Having the “best” camera for filmmaking is one thing, but having the RIGHT lenses – both for your personal lens kit or for your list of equipment for your next film project – is definitely important. While lens selection often comes down to personal preference, you also need to balance that against the needs of the production. The following article presents some useful tips to help you put together a lens package for filmmaking, with a couple of our recommended lens added for good measure.
DECIDE ON A NORMAL LENS – If you had to choose one prime lens to have in your kit, then it should be a “normal” lens. A lens is defined as normal when it produces images with a similar angle of view and perspective as human vision to the point that it creates a naturalistic feel. Shorter and longer focal lengths result in wider or more narrow angles of view, respectively, whilst distorting perspective.
Nikon AF-S FX NIKKOR 50mm f/1.8G Special Edition Fixed Zoom Lens with Auto Focus for Nikon DSLR Cameras
Nikon AI-S FX NIKKOR 50mm f/1.2 Fixed Zoom Manual Focus Lens for Nikon DSLR Cameras
ADD WIDE-ANGLE AND TELEPHOTO LENS – While it is possible for you to shoot an entire project with a normal prime lens, it’s more practical to add a wider lens and a longer telephoto lens to your kit.
A wide-angle lens is useful for exaggerating the distance between subjects and emphasizing and separating a subject in the foreground from the world behind said subject. You can also use it to create interesting effects with close-ups (like distorting an actor’s face), or give the lens itself a presence, where the audience feels the short distance of the lens to the actor.
Telephoto lenses, however, have the effect of compressing distance and making the background appear closer to foreground subjects. Telephoto lenses also have a shallower apparent depth of field than a normal or wide-angle lens will have when matching framing and aperture, making them good at making an actor or object “stand out” more.
The most common use of a telephoto lens in film production is for close-ups, as a slight telephoto effect helps to “flatten” or compress a subject’s facial features. A common focal length for close-ups is 85mm, but the focal length can be shorter or longer depending on what your personal preference is.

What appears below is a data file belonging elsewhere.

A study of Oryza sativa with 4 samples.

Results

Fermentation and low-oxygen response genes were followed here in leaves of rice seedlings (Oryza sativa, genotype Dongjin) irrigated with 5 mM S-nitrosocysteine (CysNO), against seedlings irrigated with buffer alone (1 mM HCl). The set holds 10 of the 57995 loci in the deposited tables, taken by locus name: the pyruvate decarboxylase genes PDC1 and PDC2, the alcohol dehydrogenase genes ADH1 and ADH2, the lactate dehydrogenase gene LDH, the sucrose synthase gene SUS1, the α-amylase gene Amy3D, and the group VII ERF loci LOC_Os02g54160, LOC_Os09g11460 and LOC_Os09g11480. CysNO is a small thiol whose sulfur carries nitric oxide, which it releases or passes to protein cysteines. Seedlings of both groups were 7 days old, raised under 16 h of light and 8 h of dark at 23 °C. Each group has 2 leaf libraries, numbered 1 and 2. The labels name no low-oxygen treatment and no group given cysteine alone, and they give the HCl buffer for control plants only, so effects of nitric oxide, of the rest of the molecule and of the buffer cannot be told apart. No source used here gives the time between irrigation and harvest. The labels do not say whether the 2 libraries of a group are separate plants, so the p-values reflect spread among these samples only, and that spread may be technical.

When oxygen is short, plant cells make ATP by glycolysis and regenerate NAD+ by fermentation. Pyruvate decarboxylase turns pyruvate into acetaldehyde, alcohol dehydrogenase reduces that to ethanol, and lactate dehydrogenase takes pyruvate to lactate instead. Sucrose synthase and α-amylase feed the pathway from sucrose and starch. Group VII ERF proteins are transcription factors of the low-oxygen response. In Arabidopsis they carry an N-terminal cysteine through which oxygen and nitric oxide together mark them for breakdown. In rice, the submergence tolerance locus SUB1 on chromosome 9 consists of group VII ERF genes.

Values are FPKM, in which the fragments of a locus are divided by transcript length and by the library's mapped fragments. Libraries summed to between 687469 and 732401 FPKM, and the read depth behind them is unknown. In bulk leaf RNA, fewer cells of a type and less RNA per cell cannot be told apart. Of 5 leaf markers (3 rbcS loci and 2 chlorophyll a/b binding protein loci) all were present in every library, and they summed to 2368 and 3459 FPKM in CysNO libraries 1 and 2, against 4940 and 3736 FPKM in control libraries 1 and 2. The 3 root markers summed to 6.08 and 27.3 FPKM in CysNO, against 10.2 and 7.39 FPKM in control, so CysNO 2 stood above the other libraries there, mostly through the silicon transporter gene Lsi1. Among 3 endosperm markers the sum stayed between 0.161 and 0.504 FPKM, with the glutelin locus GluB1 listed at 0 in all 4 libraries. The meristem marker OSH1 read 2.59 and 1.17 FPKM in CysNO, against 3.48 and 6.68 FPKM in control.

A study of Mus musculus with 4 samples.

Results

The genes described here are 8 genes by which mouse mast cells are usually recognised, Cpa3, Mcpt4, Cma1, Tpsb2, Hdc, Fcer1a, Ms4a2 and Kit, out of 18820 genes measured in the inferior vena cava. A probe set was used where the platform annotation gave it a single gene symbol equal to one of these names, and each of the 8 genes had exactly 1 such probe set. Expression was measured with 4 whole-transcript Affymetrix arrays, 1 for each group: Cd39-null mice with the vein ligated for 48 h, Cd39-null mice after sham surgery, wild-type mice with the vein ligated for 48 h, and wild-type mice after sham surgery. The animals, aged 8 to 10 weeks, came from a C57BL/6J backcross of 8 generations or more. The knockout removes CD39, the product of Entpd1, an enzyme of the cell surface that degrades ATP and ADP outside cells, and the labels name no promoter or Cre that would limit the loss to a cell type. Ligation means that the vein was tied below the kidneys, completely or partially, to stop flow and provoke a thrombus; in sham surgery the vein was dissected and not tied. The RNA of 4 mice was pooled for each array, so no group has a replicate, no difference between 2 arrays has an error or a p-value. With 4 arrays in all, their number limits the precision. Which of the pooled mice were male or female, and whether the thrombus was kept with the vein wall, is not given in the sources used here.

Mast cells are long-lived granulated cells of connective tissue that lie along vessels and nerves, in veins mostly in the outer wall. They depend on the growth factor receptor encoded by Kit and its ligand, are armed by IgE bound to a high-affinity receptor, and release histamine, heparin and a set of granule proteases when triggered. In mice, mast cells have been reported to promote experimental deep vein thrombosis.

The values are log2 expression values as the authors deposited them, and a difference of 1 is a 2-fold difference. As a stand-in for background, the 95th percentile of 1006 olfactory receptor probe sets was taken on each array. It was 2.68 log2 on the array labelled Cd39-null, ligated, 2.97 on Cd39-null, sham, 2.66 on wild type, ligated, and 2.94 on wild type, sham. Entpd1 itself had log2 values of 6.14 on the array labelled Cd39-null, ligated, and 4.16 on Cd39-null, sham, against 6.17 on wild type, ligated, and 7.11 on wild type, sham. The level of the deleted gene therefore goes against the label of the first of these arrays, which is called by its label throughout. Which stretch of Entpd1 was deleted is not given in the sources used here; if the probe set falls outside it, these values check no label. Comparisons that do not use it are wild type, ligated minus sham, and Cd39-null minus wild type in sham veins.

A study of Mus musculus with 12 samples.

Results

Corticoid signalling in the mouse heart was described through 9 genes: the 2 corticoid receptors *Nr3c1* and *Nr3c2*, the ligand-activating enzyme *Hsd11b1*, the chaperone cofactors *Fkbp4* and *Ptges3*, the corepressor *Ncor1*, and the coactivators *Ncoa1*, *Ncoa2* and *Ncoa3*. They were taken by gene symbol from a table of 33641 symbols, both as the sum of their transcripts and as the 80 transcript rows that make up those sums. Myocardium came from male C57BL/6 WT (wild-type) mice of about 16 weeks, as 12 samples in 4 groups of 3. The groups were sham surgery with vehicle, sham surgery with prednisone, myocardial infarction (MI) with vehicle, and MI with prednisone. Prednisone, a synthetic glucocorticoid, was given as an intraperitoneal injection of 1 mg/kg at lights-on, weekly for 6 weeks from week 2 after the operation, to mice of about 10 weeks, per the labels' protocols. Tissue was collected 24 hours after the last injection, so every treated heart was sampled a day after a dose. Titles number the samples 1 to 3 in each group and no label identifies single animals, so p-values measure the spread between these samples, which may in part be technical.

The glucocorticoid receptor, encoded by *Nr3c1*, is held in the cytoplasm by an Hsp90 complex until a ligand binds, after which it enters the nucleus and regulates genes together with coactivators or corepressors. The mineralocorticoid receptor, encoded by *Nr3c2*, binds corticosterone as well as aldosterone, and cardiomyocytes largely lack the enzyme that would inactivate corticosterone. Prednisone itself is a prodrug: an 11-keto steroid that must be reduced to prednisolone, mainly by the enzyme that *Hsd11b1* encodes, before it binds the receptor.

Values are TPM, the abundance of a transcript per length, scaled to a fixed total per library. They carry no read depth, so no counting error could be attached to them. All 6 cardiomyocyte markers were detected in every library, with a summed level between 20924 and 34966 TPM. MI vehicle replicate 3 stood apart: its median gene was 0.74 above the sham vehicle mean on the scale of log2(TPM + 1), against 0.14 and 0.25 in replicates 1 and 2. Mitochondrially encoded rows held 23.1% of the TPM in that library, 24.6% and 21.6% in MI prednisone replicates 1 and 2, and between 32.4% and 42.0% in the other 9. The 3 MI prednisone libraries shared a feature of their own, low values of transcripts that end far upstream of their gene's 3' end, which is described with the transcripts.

GET FAST LENSES – A “fast” lens is one that has a wide maximum aperture, which is measured by a low f-stop number, such as 2.0, 1.8, and 1.4. Once you know what focal length you want, the speed of the lens is the next thing to consider.
There are two main benefits of faster lenses. The first, and perhaps most important, is that the wider the aperture opening, the greater the amount of light that is passed through to the sensor. This allows you to shoot in more dimly lit settings without having to increase the ISO and potentially add unwanted image noise.
The second main benefit of fast lenses is increased control over your depth of field. As the aperture opening increases, the depth of field becomes shallower, allowing you to you isolate your subject against an out-of-focus background.
If you can, try to purchase lenses that have a similar maximum aperture, because you’ll need to be able to cut between them within a scene without having to increase or decrease the amount of light. At the very least, you’ll want your core lenses (wide, normal, telephoto) to offer a maximum aperture of f/2.8 or faster. That way, if your ultra-wide or longer telephoto lenses are a little slower, you still have a set of lenses that can cover a scene.
TEST LENSES FIRST – Before making any decision and whether to purchase or rent a set of lenses, do yourself (and your film) a favor by testing them ahead of time. First, you want to make sure that the lenses have the optical quality and look that you’re seeking. Where one set of lenses might yield warmer and softer images, another might produce cooler and clinical images. You’ll have to decide what your personal preference is and what the production calls for.
During your testing, you’ll also want to check for things like sharpness and contrast across the frame, color consistency (particularly skin tones), collimation (accurate focus distance markings), and resistance to flares. If you’re renting lenses, be sure to test them on the camera you plan on using for your shoot, because the sensor and color science will play a major role in the final look of your images.
We hope that you found our article informative and insightful. Feel free to share your thoughts on our article, as well as your favorite lenses for filmmaking.